One day (one year ago), I needed one of those discs to install another operating system. I thought, I don't need the redundancy anymore since I backup the most important stuff (personal photos e.g.) on an external disc anyway. So I decided to remove one of the three discs without converting the RAID to RAID0 or even two separate discs, because I had no temporary storage (since one cannot simply convert the RAID5 to RAID0 AFAIK).

So now, for about one year, I have a non-redundant RAID5 with 2 of 3 discs running. Sometimes, one of the discs has a defective contact at the power cable or something similar causing the drive to stop working temporarily (I don't know exactly what it is). Since it still works when rebooting the computer and in most cases by calling some mdadm commands, it wasn't that problematic. Note that the data is not very critical, since I still have a backup of the most important stuff.

But in the last few weeks, one of the drives fails very frequently (every few hours), so it gets really annoying to manage this.

My questions are:

  • Is there any disadvantage (apart from the annoying management) of a non-redundant RAID5 (with one drive less than typical) over a RAID0? If I understand it correctly, both have no redundancy and the same capacity. On a temporary drive failure, I can restart the array in both cases, assuming that the drive itself still works after the failure.

  • Can it happen that the drive contents alter on a drive failure, making the array inconsistent? If so, can I tell mdadm to check the array for failures (without a file system level checking tool)?

  • Since the drive most probably only has a defective contact causing it to fail for a second only, can I tell mdadm to automatically restart the array, so I will not even notice the failure if no application wanted to access the file system during the failure?

    
@MrLister So RAID0 also is an AID ;) –  leemes Aug 31 '12 at 15:48

2 Answers 2

up vote 4 down vote accepted

RAID5 suffers a write penalty compared to other RAID formats due to the parity calculation, even with the full drive set. Since you're doing software RAID, this impacts system performance, not just drive performance, as the CPU is what is doing all the parity calculation. This may or may not be noticeable, depending on your system and what you're doing when it's accessing the drive, but it's worth noting. Without the third drive, I would imagine there's a bit of a performance hit to reads as well, since all the data that would typically live on that third drive now has to be calculated via parity bits rather than read directly. There may be other implications, but performance hits are the big ones I'm aware of.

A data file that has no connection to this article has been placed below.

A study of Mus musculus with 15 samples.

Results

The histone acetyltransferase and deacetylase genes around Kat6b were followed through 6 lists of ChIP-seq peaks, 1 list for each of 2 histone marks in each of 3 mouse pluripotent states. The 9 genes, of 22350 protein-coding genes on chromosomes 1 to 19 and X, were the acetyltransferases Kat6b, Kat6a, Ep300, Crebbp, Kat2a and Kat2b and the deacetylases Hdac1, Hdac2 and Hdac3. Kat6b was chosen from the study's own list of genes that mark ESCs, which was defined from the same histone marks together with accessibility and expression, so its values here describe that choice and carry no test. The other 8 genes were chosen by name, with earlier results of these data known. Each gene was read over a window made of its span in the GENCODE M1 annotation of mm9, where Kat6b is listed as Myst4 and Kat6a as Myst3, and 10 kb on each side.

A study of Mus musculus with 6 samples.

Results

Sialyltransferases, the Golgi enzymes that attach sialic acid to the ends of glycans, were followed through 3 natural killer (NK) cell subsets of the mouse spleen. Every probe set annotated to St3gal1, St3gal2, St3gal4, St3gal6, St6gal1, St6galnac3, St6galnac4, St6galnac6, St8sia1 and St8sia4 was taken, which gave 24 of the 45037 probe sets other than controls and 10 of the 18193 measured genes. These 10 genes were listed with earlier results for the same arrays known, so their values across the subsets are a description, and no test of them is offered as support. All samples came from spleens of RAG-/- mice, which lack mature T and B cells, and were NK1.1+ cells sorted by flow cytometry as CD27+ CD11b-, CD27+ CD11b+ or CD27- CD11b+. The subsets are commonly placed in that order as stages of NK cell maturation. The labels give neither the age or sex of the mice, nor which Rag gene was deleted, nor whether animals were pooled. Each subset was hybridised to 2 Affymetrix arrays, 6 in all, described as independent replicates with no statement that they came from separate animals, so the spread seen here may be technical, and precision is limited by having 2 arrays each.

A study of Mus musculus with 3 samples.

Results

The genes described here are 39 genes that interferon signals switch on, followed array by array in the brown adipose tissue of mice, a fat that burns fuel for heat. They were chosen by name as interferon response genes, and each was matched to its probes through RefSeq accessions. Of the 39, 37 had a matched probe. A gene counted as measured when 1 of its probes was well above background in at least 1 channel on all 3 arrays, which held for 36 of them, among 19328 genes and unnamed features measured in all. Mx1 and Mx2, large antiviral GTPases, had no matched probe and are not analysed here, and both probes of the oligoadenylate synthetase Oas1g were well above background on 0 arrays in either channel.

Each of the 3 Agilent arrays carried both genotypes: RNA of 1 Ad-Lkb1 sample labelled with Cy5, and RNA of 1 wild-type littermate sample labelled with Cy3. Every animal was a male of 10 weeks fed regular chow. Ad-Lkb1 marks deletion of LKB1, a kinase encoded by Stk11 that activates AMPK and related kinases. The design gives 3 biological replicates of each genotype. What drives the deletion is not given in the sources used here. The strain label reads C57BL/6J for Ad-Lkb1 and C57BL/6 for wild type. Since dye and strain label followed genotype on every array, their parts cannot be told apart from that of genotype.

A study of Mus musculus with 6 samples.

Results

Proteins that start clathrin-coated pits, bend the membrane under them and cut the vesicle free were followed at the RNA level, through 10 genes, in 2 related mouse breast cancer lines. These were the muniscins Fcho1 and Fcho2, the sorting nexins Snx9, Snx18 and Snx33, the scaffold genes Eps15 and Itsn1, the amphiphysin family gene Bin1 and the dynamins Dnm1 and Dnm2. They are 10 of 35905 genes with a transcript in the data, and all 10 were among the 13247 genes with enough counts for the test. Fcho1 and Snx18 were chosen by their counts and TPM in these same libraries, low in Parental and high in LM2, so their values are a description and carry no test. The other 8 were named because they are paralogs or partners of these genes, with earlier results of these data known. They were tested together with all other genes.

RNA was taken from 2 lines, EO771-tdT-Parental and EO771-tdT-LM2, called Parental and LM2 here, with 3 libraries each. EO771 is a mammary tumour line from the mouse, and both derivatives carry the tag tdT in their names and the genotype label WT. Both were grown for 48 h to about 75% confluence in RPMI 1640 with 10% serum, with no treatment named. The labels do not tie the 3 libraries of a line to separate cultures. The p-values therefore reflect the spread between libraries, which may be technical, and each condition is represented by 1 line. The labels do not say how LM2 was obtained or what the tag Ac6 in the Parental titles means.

I'm not familiar enough with your other questions to provide an answer, but at this point I'd suggest re-purposing the drives to run independently if at all possible. It won't be as useful as having them appear as one drive, but you won't have to deal with the intermittent drive failures, and it should lessen the strain on the rest of your system. The hard part would of course be the migration, but maybe a friend can loan you some disks?

One other thing to consider: is this literally JUST storage, or is some of the filesystem located on the array (/usr, /var, /bin, or anything similar)? If anything system-related is on these at all, it could lead to significant system instability with the unreliability of the array.


Is there any disadvantage (apart from the annoying management) of a non-redundant RAID5 (with one drive less than typical) over a RAID0?

Yes. RAID5 writes are slower than RAID0 writes, regardless of whether or not you have a full disk set.

Can it happen that the drive contents alter on a drive failure, making the array inconsistent?

Yes; but this is file system corruption, so this could happen regardless of which RAID set you use if the entire array is being taken offline. A very typical example of this is a RAID5 array with write cachin. It reports that the file is written to the disk so that the OS can continue with its processing, but in actual fact it is not written to the disk, the RAID controller is still calculating its parity, and will write it to the disk moments later. If power is lost between it reporting All OK and the data being written, you'll probably have unrecoverable file system corruption. This is why RAID-5 is generally only used with a battery backup cache, or write caching turned off.

If so, can I tell mdadm to check the array for failures (without a file system level checking tool)?

Since the drive most probably only has a defective contact causing it to fail for a second only, can I tell mdadm to automatically restart the array, so I will not even notice the failure if no application wanted to access the file system during the failure?

Don't know enough about Linux's mdadm to answer this, sorry. But I do know enough about failed hard drives to tell you that it's only a matter of time before that 750gb drive dies forever and you find yourself restoring from backups.

Better to replace all those drives and build a new, fully redundant array than to put in some hackish workaround.